The days of the Jubilee being a modest regional show that does pretty well for itself are over. This is the big leagues now; the bar has been raised, and the pressure is on. And Jubilee is stepping up to meet the challenge quite nicely.

Not that it’s been completely without a modicum of hand-wringing trepidation. Ours is not an industry that is overly welcoming to change. Even the most mundane modification to routine will raise eyebrows so high they end up on the back of people’s necks. Sweeping changes? Embraced like Superman embraces kryptonite.

So it was with no shortage of foresight – and moxie – that Jubilee decided to take the lead and bring the industry up to speed and to the front of the curve. It was baby steps at first – just tweaking the show’s schedule some a couple years ago required debate. And then the perfect storm gathered. Last year’s theme was “Profitability In Diversity,” and this year’s theme was “Integrated Water Systems, the Wave of the Future” – pretty bold moves considering how tough a sell change can be. But it was the right thing to do to move things forward. And when the economy tanked, it was clear – even to the most ardent of status quo huggers – that change was, indeed, necessary. True vindication. No sighs of relief that Jubilee didn’t make a mistake; head-up, shoulders-back confidence that Jubilee is on top of it and that we’re all better off for it. Faith went from tepid to nervously accepted, and now should be, if not blind, then certainly at a trust-level befitting the track record of success.

Consider these seminar themes that were among the 50 hours of educational programming offered to attendees:
  • Advanced methods for environmental, geotechnical and exploration drilling.
  • Geothermal loop installations.
  • Sonic drilling.
  • A national perspective on the water industry.
  • Soil as a treatment medium.
  • Risk management and safety programs.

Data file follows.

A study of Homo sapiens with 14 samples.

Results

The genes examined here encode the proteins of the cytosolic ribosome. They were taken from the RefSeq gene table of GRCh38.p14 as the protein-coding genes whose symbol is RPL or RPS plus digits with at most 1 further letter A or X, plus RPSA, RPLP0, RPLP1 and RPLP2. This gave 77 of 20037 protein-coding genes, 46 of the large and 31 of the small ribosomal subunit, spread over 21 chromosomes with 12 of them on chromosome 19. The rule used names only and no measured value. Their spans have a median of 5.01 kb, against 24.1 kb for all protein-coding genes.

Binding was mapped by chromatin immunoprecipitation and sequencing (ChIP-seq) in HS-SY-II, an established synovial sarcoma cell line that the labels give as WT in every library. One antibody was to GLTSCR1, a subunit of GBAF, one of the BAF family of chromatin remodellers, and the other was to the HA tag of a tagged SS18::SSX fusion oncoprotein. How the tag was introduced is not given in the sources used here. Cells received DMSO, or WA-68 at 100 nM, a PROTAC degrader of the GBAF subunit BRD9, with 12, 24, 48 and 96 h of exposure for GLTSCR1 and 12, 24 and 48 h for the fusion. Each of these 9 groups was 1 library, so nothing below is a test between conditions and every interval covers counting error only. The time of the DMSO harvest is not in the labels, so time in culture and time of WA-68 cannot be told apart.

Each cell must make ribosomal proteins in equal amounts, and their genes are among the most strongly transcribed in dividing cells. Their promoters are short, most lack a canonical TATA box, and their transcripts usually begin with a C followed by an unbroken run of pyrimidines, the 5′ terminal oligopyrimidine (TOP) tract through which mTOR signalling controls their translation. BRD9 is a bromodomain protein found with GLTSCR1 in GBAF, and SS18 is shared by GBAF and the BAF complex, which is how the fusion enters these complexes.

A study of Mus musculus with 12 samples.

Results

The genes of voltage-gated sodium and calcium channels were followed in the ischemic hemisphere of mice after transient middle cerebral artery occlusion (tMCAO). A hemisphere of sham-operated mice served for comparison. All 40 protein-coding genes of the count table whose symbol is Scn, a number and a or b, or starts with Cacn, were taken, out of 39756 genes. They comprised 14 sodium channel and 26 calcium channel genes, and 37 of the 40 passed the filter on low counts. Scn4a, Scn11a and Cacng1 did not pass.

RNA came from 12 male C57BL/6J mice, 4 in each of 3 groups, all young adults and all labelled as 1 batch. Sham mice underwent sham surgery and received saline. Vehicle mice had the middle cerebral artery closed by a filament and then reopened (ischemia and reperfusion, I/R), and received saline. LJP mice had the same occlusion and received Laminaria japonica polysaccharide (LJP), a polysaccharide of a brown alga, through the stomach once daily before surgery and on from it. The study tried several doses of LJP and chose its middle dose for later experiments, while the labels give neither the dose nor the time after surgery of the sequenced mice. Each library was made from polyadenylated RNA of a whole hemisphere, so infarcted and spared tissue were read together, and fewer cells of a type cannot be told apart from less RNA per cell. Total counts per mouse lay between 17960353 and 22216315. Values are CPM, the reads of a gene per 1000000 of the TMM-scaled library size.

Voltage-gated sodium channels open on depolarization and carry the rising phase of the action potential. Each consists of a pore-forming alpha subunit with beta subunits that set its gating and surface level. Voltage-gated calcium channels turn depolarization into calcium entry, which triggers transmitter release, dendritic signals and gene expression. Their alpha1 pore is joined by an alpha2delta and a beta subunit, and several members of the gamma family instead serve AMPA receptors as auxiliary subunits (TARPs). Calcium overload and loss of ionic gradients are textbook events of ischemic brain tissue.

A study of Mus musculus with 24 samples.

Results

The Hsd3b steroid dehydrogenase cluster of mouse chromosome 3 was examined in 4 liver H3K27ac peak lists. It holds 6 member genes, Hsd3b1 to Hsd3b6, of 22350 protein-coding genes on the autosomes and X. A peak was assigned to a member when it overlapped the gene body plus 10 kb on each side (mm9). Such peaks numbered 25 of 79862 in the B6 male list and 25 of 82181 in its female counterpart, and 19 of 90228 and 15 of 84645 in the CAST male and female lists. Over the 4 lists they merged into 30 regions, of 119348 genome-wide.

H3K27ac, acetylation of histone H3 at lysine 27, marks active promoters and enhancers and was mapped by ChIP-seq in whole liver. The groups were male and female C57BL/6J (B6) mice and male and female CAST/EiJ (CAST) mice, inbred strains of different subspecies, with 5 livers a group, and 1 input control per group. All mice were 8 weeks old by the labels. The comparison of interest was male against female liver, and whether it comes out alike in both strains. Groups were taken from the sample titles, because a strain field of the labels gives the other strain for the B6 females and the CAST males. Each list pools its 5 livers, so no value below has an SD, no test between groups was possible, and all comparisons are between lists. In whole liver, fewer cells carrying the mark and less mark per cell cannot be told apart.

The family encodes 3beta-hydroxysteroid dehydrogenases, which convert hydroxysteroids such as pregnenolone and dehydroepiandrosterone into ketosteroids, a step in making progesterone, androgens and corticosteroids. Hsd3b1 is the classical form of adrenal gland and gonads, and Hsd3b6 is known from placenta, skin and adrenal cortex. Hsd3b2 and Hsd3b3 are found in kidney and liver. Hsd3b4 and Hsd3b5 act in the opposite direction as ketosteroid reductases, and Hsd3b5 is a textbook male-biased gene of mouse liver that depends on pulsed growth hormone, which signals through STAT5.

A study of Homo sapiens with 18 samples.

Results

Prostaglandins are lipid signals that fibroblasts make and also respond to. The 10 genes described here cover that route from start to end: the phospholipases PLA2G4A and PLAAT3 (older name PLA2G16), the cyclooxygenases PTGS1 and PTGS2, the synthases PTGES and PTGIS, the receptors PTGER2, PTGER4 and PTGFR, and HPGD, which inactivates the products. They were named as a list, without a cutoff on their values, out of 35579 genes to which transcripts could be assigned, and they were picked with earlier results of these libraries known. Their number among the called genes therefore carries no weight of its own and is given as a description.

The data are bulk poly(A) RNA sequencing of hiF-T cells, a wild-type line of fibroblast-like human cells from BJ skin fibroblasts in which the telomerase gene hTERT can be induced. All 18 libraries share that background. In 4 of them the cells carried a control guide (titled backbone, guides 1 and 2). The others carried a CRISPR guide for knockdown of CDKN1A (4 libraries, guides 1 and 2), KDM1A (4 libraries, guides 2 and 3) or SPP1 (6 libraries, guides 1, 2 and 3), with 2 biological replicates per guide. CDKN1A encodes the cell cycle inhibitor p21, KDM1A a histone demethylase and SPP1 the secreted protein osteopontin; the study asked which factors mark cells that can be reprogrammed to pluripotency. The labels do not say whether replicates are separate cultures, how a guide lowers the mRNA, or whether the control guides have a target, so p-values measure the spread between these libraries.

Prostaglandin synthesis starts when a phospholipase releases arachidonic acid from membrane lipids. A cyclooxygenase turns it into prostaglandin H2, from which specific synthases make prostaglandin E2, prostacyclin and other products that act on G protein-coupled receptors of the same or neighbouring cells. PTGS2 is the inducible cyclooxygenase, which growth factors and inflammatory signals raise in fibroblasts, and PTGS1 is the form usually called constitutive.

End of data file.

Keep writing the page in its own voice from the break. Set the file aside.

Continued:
• Water chemistry and technology applications.
  • Business management, public relations and best practices.
These are not topics designed to placate a group that simply wants to daydream its way through a few CEU credits. The depth and breath of the educational sessions was impressive, as was the roster of presenters – top-notch across the board.

This is not to say that the Jubilee needs to become some dour, professorial slog that sucks all the fun and revelry out of the experience. It is the Jubilee after all – it’s a celebration. And there’s plenty to celebrate. But times certainly do change, and the show is evolving in ways that reflect that – in a very positive way. It’s still a great occasion to share with friends, family and acquaintances, while also keeping up with the times and honoring tradition.

Two very prestigious awards were presented at the annual Worth Pickard Family Picnic. The George McCall Award honors a person whose contributions to the industry go above and beyond the normal duties of a Jubilee member. In that spirit, it’s fitting that this year’s winner Larry Wooster (Wooster Drilling Co., Waldorf, Md.) was unable to accept the award in person; he was in Africa, drilling much-needed wells. Dave Kelly (Jones Well Drilling Inc., Jarrettsville, Md.) did so on his behalf. The Vendor Appreciation Award recognizes service and support for Jubilee, and it’s with great humility that your friends at National Driller accepted the award on behalf of the entire industry, an industry that we hold in the highest esteem.

Special thanks to the other sponsors of this year’s Jubilee: AMTROL Inc., Atlas Copco, BERKELEY, Central Mine Equipment Co., Franklin Electric, Mincon Rockdrills and PermaTank.

It’s always fun to hear Jubilee participants share their “Remember that time at Jubilee when …” stories – whether the year of the anecdote was 1959, 1979 or 1999. What do you think Jubilee will be like in 2019? What stories will we hear from 2009?

Looking ahead to 2010, the Jubilee hits the beach July 31 to Aug.1, and we look forward to again seeing the bigger and better things that keep raising the show’s profile.